Something to look forward to, as Tate Modern is bringing together a once-in-a-generation exhibition of paintings, watercolours and drawings by Paul Cezanne. The exhibition is expected to include over 20 works never seen in the UK before.

Paul Cezanne The Basket of Apples, c.1893. The Art Institute of Chicago Helen Birch Bartlett Memorial Collection

Famously referred to as the “greatest of us all” by Claude Monet, Cezanne remains a pivotal figure in modern painting who gave license to generations of artists to break the rules. Created amid a rapidly accelerating world, his works focus on the local and the everyday, concentrating on the artist’s own personal experiences to make sense of the chaos and uncertainty of modern life.

Opening in October, the exhibition at the Tate Modern will bring together around 80 selected works from collections held across the world, giving UK audiences their first opportunity in over 25 years to explore the breadth of Cezanne’s career.

The exhibition will tell the story of a young ambitious painter from the southern city of Aix-en-Provence, determined to succeed as an artist in metropolitan Paris in the 1860s, yet constantly rejected by the art establishment.

The exhibition will trace Cezanne’s artistic development from early paintings made in his twenties through to works completed in the final months of his life. Highlights will include a room of outstanding paintings depicting the limestone mountain Sainte-Victoire, charting the dramatic evolution of his style through this single motif. Another gallery will bring together several examples of Cezanne’s bather paintings, a lifelong subject for the artist, including The National Gallery’s Bathers 1894–1905, one of his largest and most celebrated paintings created in the final stage of his career.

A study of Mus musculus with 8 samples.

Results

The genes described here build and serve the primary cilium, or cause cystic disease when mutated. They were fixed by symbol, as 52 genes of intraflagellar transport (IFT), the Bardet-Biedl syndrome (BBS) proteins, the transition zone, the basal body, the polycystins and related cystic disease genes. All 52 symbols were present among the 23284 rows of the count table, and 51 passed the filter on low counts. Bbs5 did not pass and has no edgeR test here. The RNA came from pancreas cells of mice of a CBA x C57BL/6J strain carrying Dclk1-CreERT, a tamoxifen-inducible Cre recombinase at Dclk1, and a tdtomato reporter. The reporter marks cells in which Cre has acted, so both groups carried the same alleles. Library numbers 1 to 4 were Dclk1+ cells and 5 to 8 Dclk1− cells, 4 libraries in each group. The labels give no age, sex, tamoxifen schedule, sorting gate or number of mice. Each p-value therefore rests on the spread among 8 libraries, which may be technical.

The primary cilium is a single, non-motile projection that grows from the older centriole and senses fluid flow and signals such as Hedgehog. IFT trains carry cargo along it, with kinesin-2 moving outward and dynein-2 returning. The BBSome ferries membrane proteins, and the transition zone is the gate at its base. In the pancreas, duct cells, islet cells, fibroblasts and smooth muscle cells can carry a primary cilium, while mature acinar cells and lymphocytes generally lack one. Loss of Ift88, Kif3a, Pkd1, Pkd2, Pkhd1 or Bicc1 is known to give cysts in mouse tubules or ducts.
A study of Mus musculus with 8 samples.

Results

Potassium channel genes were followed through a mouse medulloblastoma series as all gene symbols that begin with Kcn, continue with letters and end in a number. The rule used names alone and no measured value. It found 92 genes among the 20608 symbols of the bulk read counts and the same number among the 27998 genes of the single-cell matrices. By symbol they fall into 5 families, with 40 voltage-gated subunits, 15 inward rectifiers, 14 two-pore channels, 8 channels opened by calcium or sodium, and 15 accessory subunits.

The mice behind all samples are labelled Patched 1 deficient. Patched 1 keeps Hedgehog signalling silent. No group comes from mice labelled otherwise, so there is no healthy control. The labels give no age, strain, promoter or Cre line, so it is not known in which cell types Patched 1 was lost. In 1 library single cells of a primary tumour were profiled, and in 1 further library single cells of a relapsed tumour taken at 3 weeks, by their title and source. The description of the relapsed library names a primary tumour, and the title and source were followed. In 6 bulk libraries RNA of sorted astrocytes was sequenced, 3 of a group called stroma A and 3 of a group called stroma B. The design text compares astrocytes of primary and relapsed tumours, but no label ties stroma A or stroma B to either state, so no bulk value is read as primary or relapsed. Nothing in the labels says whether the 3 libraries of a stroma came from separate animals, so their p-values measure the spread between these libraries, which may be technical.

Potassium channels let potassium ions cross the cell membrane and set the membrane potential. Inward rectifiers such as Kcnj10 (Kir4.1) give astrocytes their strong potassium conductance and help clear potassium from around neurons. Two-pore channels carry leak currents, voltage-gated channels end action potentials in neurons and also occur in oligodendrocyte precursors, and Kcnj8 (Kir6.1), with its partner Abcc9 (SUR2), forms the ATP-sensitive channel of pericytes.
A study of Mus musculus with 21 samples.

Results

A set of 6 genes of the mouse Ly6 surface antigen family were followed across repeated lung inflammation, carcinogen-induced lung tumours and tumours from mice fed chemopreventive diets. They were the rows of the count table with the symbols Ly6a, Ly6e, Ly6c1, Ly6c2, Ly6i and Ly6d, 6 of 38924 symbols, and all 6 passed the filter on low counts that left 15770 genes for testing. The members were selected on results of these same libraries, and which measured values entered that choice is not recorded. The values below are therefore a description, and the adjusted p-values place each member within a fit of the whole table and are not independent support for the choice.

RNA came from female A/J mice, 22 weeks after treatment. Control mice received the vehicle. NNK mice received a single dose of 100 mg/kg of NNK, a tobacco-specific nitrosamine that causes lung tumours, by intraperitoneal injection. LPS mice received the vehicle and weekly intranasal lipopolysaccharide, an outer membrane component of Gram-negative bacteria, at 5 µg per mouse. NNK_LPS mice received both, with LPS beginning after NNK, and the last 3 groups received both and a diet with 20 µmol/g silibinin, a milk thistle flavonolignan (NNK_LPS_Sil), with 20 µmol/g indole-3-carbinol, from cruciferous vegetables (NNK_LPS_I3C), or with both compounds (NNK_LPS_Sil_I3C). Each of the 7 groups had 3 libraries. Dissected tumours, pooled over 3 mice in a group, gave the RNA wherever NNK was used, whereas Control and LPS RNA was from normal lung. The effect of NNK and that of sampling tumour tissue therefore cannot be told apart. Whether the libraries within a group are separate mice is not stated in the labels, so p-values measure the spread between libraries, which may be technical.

Paul Cezanne Bathers c.1894-1905. Presented by the National Gallery, purchased with a special grant and the aid of the Max Rayne Foundation, 1964

While Cezanne is often mythologised as a solitary figure, the exhibition will also explore the relationships central to his life, particularly his wife Marie-Hortense Fiquet and their son Paul, and his intense relationship with childhood friend Émile Zola.

The exhibition will open on Wednesday 5th October and run until the middle of March 2023. Tickets should be booked in advance and are already on sale, from here.

Adults: £22 | Concessions £20 | Children (12-18): £5 | Children (<12): Free

Tate members also go for free, and anyone aged 16-25 can visit all Tate exhibitions for £5 by joining Tate Collective.

The catalogue that will accompany the exhibition will feature newly commissioned essays by contemporary artists including Kerry James Marshall, Lubaina Himid and Phyllida Barlow as a testament to Cezanne’s continuing legacy as an inspirational figure to artists today.